June 26, 2017
Secretary of the Interior Ryan Zinke was on Capitol Hill again last week, hoping to get Congress to endorse his wildly unpopular plan to slaughter wild horses and burros. On Tuesday, in the first of three Congressional hearing appearances last week, Secretary Zinke sat before the Senate Committee on Energy and Natural Resources and Chairwoman Lisa Murkowski (R-Alaska), which authorizes spending for agencies like the Bureau of Land Management and its Wild Horse and Burro Program. On Wednesday, he testified in the Senate Subcommittee on the Department of the Interior, Environment, and Related Agencies, and on Thursday he went before the House Committee on Natural Resources to defend his proposed budget, which asks Congress to allow him the authority to euthanize or sell for slaughter up to 92,000 “excess” wild horses from across the west and in holding facilities.
Defending the Interior Department’s proposed budget, in his testimony Zinke repeated his now well-worn mantra that, “This is what a balanced budget looks like,” in describing his request to slash the agency’s budget. Zinke’s proposal would eliminate $1.6 billion from Interior’s 2017 budget of nearly $12 billion and includes a $10 million cut to the already underfunded Wild Horse and Burro Program, which would reduce the program’s funding to just over $70 million for 2018. Zinke’s written testimony noted:
“As part of a broader effort to consider all necessary options to manage the unsustainable growth of this program, the budget proposes to eliminate current appropriations language restricting the BLM’s ability to use the tools provided in the Wild and Free-Roaming Horse and Burro Act and enable BLM to manage on-range herds more effectively and humanely.”
Secretary Zinke is unwilling to explicitly state his plans for “managing” wild horses and burros because he knows it flies in the face of the will of the American people and reveals years of BLM mismanagement. PZP fertility control is the only scientifically proven method for controlling herd growth, a problem they claim to be “devastating” public lands, but the BLM spends 0% of their budget administering it. BLM instead wants to brush their history of ineptitude under the rug and be allowed to round up and slaughter wild horses, and they want Congress to give them the funds to do it. So Zinke uses words and euphemisms like “tools” and “humane management” to hide his intention to implement the mass slaughter of wild horses and burros to reduce the BLM’s budget. However, the slaughter of healthy horses and burros is not humane and he has an obligation to tell the American people what he intends to do with the tax-payer’s money.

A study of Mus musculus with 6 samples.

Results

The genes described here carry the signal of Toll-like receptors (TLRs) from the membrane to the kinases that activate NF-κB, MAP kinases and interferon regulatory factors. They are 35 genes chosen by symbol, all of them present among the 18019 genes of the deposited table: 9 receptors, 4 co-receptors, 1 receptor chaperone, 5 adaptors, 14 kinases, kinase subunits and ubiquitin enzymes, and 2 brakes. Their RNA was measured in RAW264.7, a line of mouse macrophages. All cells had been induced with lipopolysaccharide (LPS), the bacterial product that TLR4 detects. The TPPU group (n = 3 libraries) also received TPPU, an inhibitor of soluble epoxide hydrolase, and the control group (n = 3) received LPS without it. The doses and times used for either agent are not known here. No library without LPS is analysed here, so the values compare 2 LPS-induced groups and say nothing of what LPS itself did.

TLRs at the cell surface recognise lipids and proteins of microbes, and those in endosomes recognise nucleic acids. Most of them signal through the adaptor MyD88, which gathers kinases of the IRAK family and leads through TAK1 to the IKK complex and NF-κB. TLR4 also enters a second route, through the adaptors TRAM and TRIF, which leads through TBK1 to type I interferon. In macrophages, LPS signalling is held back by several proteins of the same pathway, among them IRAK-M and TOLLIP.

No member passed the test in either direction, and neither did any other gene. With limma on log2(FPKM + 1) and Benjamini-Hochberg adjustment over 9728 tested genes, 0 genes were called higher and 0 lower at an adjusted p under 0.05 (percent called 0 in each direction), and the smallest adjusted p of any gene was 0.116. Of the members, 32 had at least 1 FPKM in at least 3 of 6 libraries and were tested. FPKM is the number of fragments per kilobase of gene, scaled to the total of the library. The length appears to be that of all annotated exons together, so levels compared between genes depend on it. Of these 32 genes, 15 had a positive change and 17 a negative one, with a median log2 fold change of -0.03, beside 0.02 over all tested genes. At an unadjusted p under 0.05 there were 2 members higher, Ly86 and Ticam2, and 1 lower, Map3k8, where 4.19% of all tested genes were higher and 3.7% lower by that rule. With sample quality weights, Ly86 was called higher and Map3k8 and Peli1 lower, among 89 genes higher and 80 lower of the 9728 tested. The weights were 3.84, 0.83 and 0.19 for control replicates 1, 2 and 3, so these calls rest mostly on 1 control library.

Several times in his testimony this week, Secretary Zinke noted that the Interior Dept. is exploring all options, particularly public-private partnerships, to make his agency more cost-effective and efficient. If this is true, then it seems that the only public-private partnerships he’s not willing to consider are those like the AWHC’s partnership in Nevada where we vaccinated more mares with the PZP birth control vaccine this year than the entire BLM Wild Horse and Burro Program did in all of 2016 with its $80 million budget. And, we’ve been implementing the program on a large population (~3,000 horses) scattered across a 300,000-acre habitat area — something the BLM claims is not possible to do…a ludicrous claim since the BLM spends zero percent of its budget trying to implement a PZP fertility-control program.
Another recurring theme in Zinke’s testimony before all three committees was his “commitment to transparency” with Congress and the public. However, when repeatedly asked if he would answer legislator’s inquiries in writing, he deflected, saying he would, “talk to [legislators] in person.” He also never committed to informing Congress about agency activity in writing and on the record. As the old saying goes, oral agreements are worth the paper they’re written on.
The Interior Department’s current plans for wild horses and burros lack the transparency required for an effective government program, which, sadly, is not news to wild horse lovers. Lack of transparency was one of the many shortcomings of the Wild Horse & Burro Program that was revealed by the National Academy of Sciences in its in-depth, 2013 study of the program that took almost two years to complete.
At this point, only Congress can stop the slaughter of these iconic American animals. And they can do that by refusing to include the budget request in the 2018 appropriations bill for the Interior Department. The fact is, contrary to Zinke’s testimony, slaughtering horses in not “necessary” nor is it “humane.” The only thing unsustainable on the western range is the BLM’s mismanagement.
Please get involved and urge your Members of Congress in the House and Senate to reject the Interior Department’s request to lift the prohibition on killing healthy wild horses and burros or selling them “without restriction,” which would lead to the brutal slaughter of tens of thousands in slaughterhouses in Canada and Mexico.